A Perth mum has revealed how she turned a hair fail into a multimillion-dollar business, creating a global company out of her garage.
Nowadays, Tara Simich’s brand Mermade Hair is recognisable to anyone with an Instagram or TikTok account, with her tools spotted in the hands of the likes of Kim Kardashian and Hailey Bieber (and their hair stylists).
That was not always the case, with Ms Simich starting the brand as a side hustle from just $20,000 in savings.
The idea for the now viral company came from the fact Ms Simich “can’t do” her own hair with traditional tools such as curling wands.
“I just thought to myself how cool it would be if my old crimper from the ’90s could be bigger so it could have a nice modern wave rather than these kinds of zigzaggy little crimps of the ’90s,” she said.
“So it really was born out of that. I just really wanted something to kind of solve that problem.”
Mermade Hair wasn’t Ms Simich’s first business venture; the serial entrepreneur started the Jungle Body brand of workout dance classes in 2010, with the product running in 17 countries.
She also worked as a consultant for Price Waterhouse Coopers before going on to set up her own consulting firm.
“I think I definitely have an entrepreneurial side, so I suppose it was quite typical of me to look at it and actually go ‘OK, well I can maybe turn this into something’,” she said.
However, going from an idea to setting up connections with manufacturers was a “daunting” leap into the unknown for the Perth-based businesswoman.
“I never had been to China, I never had been part of manufacturing or with consumer electrical, so it was all very new,” she said.
“Lots of mistakes and lots of learnings and we really just learnt as we went … we kind of threw ourselves into it and really tried to understand the whole space.”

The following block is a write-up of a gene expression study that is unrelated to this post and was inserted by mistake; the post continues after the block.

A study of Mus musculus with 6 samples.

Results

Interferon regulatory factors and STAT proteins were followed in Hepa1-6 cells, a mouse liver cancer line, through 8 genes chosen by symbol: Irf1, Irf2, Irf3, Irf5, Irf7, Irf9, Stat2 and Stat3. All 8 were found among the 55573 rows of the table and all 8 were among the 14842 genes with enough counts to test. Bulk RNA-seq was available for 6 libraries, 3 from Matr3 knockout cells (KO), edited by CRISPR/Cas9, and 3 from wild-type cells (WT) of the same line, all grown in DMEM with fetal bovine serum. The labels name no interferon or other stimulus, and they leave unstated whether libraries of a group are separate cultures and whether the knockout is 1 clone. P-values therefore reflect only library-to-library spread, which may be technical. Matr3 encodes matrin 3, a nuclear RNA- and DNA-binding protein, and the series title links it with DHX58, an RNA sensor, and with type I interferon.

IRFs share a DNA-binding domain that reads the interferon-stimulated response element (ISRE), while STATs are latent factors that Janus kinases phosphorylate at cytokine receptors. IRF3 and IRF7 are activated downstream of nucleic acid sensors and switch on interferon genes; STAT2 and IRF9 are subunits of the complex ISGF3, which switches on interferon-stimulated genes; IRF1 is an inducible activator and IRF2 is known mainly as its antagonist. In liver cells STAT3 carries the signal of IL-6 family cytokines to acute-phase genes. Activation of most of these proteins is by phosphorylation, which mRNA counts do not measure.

For those who are considering leaping into the deep end themselves, Ms Simich warns people not to wait for the perfect time or moment.
“I think that’s what stops you from succeeding and I think it will never be perfect, especially with the way the world is now – it’s so competitive,” she said.
“When we launched we weren’t just competing with Australian hair tools. Once you go live, you’re immediately in a global market, so it’s important to move quickly.”
Though she encourages people to take risks, Ms Simich also says to make sure that the risk is proportional to where the business is at.
“How much can you forego and can you go and put yourself into something 100 per cent? Or do you still need to continue your day job and do a hustle on the side?” she said.
“That’s how we were for the first year, so we shipped from my garage. My husband was still running his company and I was still running Jungle Body.”
Ms Simich says it’s important to make the most of what’s in front of you, like using a global pandemic to your advantage; however, it is equally important to keep your eye on the future.
“(The pandemic) was a great time for online businesses to thrive, but what we did as a strategy is we moved into retail just as quick,” she said.
“I think that really helped us because once things levelled out and the world opened up after Covid, a lot of businesses that were just surviving on direct-to-customer services really struggled.”
As for the elusive answer to how to maintain a healthy work-life balance, the entrepreneur’s advice is to build it into every day.
“I want to still be there at school pick-up each day … I try to balance things day to day rather than getting so busy and working yourself to the ground then waiting for that one holiday,” she said.
“In the morning, I don’t touch my phone, I get the boys to school and then I do a fitness class or something once a day so I can have that hour to myself.
“I kind of try to structure the day. I’m really disciplined with it to make sure I don’t get to that burnout.”